Difference between Balsamic Vinegar and Apple Cider Vinegar

By: | Updated: Feb-7, 2018

Summary Table

Balsamic Vinegar Apple Cider Vinegar
Made from reduced grape juice Made from apple must
Aged for 12 years Fermented for up to two months
Dark purple color Straw-colored
Slightly sweet Slightly tart and acidic
More expensive Less expensive


Traditional balsamic vinegar
Traditional balsamic vinegar from Italy

Traditional balsamic vinegar is produced exclusively in the cities of Modena and Reggio Emilia in Italy. It is made from the reduction of Trebbiano and Lambrusco grapes that have been pressed together. The reduction then goes through a 12-year aging process where it is placed in successively smaller wooden barrels, which results in an end product that is a dark, sweet and thick liquid. Because of this, traditional balsamic vinegar is often expensive. Many vinegars labelled “balsamic” are made outside of Italy, or aged for less than 12 years. Others have slightly altered proportions of grape juice. In fact, most “balsamic vinegars” available commercially are actually just wine vinegar with added colouring and thickening agents. These agents simulate the color, taste and texture of the traditional product.

Apple cider vinegar
Apple cider vinegar with “mother of vinegar” added

Apple cider vinegar comes from freshly-squeezed apple must, which is juice that contains bits of pulp and skin from the apple. To create apple cider vinegar, the vinegar-maker adds yeast and other fermenting agents to the apple must. Over time, the sugars in the juice turn into alcohol, and acetic acid-forming bacteria transform the alcohol into vinegar. The acid content gives apple cider vinegar its distinctive tart and sour taste. Many brands of apple cider vinegar include a cobweb-like substance called “mother of vinegar” that contains cellulose and acetic acid. While mother of vinegar can make apple cider vinegar appear cloudy, it does not affect the taste of the finished product. Because of the relatively lower cost of apples, apple cider vinegar is cheaper and more readily available than balsamic vinegar. In fact, many home chefs make apple cider vinegar at home, using store-bought organic apples.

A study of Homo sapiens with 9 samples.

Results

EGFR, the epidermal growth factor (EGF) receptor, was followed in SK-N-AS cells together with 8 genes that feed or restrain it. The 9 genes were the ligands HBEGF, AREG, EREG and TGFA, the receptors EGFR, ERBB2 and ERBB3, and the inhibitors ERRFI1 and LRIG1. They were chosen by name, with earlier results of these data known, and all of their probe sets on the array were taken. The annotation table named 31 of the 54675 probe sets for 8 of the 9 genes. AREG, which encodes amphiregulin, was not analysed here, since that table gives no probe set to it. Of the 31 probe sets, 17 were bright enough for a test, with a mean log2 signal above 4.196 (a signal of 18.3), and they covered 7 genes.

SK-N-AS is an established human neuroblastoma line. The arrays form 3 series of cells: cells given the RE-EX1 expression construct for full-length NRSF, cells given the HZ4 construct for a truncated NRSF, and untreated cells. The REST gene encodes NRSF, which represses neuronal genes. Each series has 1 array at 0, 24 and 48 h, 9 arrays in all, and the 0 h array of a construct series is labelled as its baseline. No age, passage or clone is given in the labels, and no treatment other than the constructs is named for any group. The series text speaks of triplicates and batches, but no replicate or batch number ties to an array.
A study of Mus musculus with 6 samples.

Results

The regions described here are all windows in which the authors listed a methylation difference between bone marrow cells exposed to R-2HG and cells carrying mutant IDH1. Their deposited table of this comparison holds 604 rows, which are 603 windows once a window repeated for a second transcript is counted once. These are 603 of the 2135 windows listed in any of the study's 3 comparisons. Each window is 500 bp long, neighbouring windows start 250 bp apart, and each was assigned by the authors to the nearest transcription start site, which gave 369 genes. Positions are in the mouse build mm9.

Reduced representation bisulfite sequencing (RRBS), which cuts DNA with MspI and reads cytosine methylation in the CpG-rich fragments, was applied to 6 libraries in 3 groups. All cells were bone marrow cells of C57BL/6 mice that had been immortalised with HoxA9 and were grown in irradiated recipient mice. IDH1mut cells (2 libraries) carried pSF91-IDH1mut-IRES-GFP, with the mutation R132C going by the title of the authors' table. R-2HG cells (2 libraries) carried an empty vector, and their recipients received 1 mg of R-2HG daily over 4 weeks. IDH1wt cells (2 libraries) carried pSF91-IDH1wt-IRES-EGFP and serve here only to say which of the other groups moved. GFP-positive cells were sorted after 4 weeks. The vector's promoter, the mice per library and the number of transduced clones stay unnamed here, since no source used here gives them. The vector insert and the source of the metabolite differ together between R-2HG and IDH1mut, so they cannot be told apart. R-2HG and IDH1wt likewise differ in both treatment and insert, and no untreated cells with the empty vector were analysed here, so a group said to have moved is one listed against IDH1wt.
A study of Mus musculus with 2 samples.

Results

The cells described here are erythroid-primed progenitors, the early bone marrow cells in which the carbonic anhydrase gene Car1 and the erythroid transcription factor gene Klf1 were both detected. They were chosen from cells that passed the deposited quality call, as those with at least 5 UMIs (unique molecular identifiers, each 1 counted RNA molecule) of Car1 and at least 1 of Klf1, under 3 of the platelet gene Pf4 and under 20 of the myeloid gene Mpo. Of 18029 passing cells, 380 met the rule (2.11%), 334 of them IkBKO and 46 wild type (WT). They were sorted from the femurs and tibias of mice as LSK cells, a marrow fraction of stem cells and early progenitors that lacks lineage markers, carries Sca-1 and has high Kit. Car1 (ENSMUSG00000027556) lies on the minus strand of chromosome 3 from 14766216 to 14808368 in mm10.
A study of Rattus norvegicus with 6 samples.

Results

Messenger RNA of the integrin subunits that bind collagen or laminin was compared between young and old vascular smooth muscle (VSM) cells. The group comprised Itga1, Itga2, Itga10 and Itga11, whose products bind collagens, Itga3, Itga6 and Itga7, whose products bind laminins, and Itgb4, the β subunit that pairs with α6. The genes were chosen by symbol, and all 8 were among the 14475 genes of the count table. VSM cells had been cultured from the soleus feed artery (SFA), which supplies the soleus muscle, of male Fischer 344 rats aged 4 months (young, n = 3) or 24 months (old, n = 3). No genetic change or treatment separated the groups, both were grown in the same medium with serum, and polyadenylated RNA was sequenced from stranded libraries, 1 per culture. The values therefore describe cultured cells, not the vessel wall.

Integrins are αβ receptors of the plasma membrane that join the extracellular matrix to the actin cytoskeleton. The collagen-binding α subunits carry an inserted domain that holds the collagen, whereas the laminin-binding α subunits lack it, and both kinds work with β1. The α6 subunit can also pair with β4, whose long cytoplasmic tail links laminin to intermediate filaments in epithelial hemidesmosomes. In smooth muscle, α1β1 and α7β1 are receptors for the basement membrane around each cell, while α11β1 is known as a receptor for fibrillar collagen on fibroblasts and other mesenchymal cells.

Balsamic Vinegar vs Apple Cider Vinegar

The main differences between balsamic and apple cider vinegars lie in their tastes, colors, and textures. In turn, these differences lead to chefs using the two types of vinegar differently.

Both types of vinegar are sour or slightly acidic, but balsamic vinegar tends to be slightly sweeter. This is because of the higher carbohydrate content found in balsamic vinegar. Apple cider vinegar contains less carbohydrates than balsamic vinegar, which gives apple cider vinegar a more sour, somewhat harsh, taste.

Apple cider vinegar tends to be straw-colored because of the natural color of apple juice. In contrast, balsamic vinegar gets its characteristic dark hue from the first step of the process, which is the reduction of pressed grape juice. The vinegar becomes even darker as it ages in wooden barrels. The aging process also gives balsamic vinegar a certain degree of thickness and texture.

Due to these differences, balsamic vinegar and apple cider vinegar have different culinary uses. Balsamic vinegar enhances the flavor of steaks, fish, and poultry. It is also a component of certain salad dressings, and is drizzled on fresh fruit such as peaches and strawberries. Some diners even drink traditional balsamic vinegar to finish a meal. Apple cider vinegar is ideal for marinades and is an ingredient in various food preservatives, pickles and chutneys. While many people drink apple cider vinegar, it has a sharp and biting taste that may reduce its appeal to some.